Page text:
Political analysts say the low turnout at today’s opposition rally in Moscow is down to people’s weariness with their efforts yielding so few results. Slogans need to be replaced by a clear program if the movement is not to just fade away, they warn.
Leaders of Saturday’s rally expected at least 50,000 people to attend. But according to official estimates only 10,000 people turned up to protest against the parliamentary and presidential elections results. The demo even wrapped up an hour earlier than planned.
“People cannot demonstrate for nothing,” writer Aleksandr Latsa told RT after the rally.
The winter demonstrations attracted tens of thousands of people across the country but brought only minor concessions from the rulers, who promised to facilitate registration for new political parties and to investigate election violation claims. But there was no talk of annulling the results of the parliamentary poll or postponing the presidential elections.
Not quite satisfied with the response from the country’s rulers, the protesters were also baffled to find themselves being taken in a different direction by rally leaders.
“People wanted fair elections, but then the protests became anti-Putin. This is not a political line. Being anti-Putin does not mean anything if you cannot agree on a political program,” says Latsa.
“I think the movement is going to disappear in several weeks,” he added.
Saturday brought little progress for the initiative “For Fair Elections." Slogans slamming the alleged election violations as well as the regime remained mostly unchanged as did demands for snap presidential and parliamentary polls.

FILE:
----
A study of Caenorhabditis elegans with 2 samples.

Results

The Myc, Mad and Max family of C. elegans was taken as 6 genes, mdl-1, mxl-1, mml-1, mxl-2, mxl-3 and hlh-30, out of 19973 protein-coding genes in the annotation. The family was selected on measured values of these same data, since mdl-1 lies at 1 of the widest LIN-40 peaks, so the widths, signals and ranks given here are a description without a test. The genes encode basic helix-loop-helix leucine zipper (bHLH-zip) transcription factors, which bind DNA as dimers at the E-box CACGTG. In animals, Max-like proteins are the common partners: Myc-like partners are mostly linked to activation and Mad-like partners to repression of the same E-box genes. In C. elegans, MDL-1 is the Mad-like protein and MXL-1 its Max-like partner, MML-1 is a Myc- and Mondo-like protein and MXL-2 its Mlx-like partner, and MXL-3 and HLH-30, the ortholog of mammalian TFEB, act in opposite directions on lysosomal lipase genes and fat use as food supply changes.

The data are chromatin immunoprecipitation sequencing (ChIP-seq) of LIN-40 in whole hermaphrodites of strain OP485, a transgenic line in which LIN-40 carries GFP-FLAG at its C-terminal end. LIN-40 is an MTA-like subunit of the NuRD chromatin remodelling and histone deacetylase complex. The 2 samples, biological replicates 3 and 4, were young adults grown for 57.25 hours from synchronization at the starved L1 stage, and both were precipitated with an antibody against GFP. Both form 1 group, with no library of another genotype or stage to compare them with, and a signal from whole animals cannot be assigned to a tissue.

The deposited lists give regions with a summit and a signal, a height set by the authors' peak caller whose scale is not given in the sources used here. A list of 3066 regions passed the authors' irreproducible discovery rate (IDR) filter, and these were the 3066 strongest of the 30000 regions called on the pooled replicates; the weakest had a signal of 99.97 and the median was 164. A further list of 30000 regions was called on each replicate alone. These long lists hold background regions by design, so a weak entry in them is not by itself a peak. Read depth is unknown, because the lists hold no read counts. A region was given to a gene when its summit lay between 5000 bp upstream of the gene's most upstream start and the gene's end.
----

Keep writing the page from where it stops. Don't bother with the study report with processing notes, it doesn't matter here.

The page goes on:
“Non-systemic opposition leaders need to form a program, just like presidential candidates. They need to offer a program rather than a collection of slogans,” said political analyst Aleksandr Selivanov.
But the various political forces behind the rally still fail to agree on a common strategy. On Saturday, leftists again urged sit-in protests and acts of civil disobedience, while liberals insisted on peaceful and orderly demonstrations. The opposition is in bad need of a new agenda, analysts agree.
“The slogan of the 'For Fair Election' has turned into a weasel claim with the majority of global powers acknowledging that Putin is the rightful leader. Unless there is a new agenda, there will be a waning in the numbers of protesters in the streets,” Selivanov told RT.
Mikhail Remizov, the head of the fund “Strategy-2020,” is convinced the decline in protesters’ numbers tells the opposition they should start creating their own shadow system of rule.
“An alternative to the current ruling system can be created only if you become a ruling system yourself – at all the available levels. This is a more mundane task than protests,” Remizov told RIA Novosti.